AUSTIN, TEXAS – One dean introduced a new cyber learning curriculum to his college. Another dean is starting a new university from scratch with a focus on science and technology.
SXSWedu brought together several experts in higher education who spoke about the need to innovate in colleges and universities, which are thought by some to be stagnant compared to foreign institutions.
“We have to find
ways to accelerate innovation across the country,” said Bridget Burns, executive director of the University Innovation Alliance, a coalition of 11 public research universities. “Otherwise, we’re sentencing our
universities to repeat their mistakes and failures.”
Robert Blaine, dean of undergraduate studies and cyber learning at Jackson State University, a historically black college in Mississippi, said he revamped the curriculum – with help and input from students – using technology. The school created its own digital textbooks, and gave every student an iPad.
“We’re building a 21st century learning culture for all our students,” Blaine said during a forum in which higher ed experts pitched their ideas and success stories in seven minutes or less. “We focused on the development of digital content.”
Blaine said the move has cut major costs for students, from textbooks ranging from $100 to $300 to digital content that can be downloaded for 99 cents.
Jackson State also has a new facility that promotes project-based learning. The room is separated into different workspaces: a discussion area, an area to flesh out new ideas and then realize them with computers and technology, and then a mini-makerspace to build.
Christine Ortiz, dean for graduate education of Massachusetts Institute of Technology, spoke about the new school she is planning to open in the Boston area that is going to model a flipped personalized learning classroom. There will be little distinction between undergraduate and graduate students, and all work will be project based and technology enhanced.
Ortiz said the traditional research institution model may not be the best fit for students anymore to compete in a global economy.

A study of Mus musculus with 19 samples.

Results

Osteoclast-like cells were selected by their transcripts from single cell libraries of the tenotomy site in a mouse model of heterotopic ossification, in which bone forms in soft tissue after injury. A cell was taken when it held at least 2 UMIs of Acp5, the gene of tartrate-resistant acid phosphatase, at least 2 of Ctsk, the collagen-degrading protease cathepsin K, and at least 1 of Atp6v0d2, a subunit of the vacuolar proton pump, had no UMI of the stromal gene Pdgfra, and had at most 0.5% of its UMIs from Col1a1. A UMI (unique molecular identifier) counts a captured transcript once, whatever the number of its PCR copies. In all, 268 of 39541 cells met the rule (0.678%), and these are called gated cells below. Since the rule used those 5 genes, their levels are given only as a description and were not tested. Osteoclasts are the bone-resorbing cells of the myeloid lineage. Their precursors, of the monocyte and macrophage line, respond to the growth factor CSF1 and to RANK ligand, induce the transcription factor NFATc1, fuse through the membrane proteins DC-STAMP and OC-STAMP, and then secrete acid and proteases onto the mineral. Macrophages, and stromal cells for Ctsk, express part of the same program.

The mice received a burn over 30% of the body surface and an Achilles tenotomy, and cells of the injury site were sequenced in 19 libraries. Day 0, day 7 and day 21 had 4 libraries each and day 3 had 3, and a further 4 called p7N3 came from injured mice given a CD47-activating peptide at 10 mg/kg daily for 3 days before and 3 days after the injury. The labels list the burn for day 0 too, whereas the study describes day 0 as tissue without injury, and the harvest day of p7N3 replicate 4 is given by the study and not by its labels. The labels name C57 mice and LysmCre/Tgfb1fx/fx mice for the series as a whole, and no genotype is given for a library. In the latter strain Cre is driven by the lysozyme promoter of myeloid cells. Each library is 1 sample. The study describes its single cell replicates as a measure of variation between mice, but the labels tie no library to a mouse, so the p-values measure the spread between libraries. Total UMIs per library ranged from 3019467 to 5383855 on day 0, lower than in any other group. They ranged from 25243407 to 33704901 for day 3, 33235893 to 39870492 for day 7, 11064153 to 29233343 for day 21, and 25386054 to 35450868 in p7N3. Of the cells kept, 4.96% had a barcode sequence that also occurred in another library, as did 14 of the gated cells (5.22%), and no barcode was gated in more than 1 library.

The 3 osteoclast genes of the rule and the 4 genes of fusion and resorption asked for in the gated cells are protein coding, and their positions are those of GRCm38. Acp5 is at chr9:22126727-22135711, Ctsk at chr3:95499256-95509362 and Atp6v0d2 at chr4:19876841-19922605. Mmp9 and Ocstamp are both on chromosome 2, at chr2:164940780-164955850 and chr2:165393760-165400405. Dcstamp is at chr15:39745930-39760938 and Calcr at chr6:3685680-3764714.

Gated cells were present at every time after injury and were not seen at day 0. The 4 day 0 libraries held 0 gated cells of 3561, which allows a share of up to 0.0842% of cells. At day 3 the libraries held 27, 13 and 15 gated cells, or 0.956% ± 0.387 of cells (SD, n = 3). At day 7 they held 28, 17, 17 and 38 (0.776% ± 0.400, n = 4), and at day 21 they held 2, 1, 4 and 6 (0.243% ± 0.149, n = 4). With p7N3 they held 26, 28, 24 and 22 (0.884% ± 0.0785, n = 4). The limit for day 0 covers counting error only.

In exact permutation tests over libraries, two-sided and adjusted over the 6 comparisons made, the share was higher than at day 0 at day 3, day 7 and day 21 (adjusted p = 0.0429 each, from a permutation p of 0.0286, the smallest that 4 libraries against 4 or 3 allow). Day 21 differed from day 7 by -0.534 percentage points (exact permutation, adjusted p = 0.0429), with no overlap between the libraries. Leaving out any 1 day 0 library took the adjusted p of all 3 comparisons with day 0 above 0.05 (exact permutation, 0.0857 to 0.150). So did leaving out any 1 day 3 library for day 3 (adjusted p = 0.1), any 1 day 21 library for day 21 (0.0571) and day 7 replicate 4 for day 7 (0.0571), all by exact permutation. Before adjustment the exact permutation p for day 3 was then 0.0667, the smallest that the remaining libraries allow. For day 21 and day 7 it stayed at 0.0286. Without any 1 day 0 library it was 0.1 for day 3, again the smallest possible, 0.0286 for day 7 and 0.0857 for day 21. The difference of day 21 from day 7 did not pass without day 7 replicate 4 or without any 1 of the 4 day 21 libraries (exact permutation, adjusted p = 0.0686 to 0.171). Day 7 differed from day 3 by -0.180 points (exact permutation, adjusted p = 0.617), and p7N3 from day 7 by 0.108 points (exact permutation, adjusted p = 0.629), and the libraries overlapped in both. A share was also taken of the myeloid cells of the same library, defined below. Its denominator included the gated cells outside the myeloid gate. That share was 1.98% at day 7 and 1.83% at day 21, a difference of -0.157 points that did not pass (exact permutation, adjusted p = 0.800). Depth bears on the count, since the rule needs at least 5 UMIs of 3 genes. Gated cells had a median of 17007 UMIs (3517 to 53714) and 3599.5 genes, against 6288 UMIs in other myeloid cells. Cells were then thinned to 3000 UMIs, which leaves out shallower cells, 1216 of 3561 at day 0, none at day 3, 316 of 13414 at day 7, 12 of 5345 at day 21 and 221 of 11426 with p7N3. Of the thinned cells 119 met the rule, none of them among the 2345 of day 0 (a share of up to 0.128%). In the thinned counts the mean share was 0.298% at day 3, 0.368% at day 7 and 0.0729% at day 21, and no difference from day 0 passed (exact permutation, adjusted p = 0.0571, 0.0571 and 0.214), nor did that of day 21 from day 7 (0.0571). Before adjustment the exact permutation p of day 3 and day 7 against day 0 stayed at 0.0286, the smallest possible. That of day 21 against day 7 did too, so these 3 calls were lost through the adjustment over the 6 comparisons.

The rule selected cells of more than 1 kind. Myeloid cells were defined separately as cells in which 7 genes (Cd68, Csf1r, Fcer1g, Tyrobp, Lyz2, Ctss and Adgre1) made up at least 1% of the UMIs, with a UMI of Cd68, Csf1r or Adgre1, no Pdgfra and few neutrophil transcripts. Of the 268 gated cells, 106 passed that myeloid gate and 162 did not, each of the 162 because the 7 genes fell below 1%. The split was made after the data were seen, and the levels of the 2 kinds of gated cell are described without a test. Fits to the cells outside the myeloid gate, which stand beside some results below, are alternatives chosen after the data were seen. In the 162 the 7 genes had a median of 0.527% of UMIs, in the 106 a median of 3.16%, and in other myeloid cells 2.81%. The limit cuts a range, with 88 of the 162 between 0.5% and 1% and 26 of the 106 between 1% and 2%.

“The current structure has invisible barriers to realize academic freedom,” Ortiz said. “By moving us to a place where people can focus on what they’re most passionate about is how we can accelerate and advance.”
Though she did not offer many specific details, Ortiz said students would follow “pathways” after exploring what kind of project they want to work on. These pathways would be designed by academics and industry experts from a variety of fields.
“We’re moving the university from an ivory tower to a platform based in society,” she said.
She added that she wants to attract students with diverse backgrounds, but admitted that cost is “the biggest challenge” to providing this type of cutting-edge education. Since it won’t be a traditional college, she said she will look at possible cost-cutting measures in housing, staffing and infrastructure.
Ted Mitchell, U.S. Department of Education under secretary, said the typical college student is also changing, and higher education institutions have to adapt in order to meet their needs.
“Today’s new normal student is likely to be a 24-year-old returning veteran or a single mom or dad working to balance life and education,” he said. “For those students, we need to make learning more flexible.”
Mitchell highlighted innovative testing and new ways of measuring student success, through data analytics and micro-credentials, which both students and teachers can use to show mastery in a subject.
“If you can measure student learning, then let’s certify that learning in chunks that are smaller than what we’ve previously used,” he said. “Let’s look at micro-credentials as a way of building up skills for students of all ages so they get credit for work they’ve mastered.”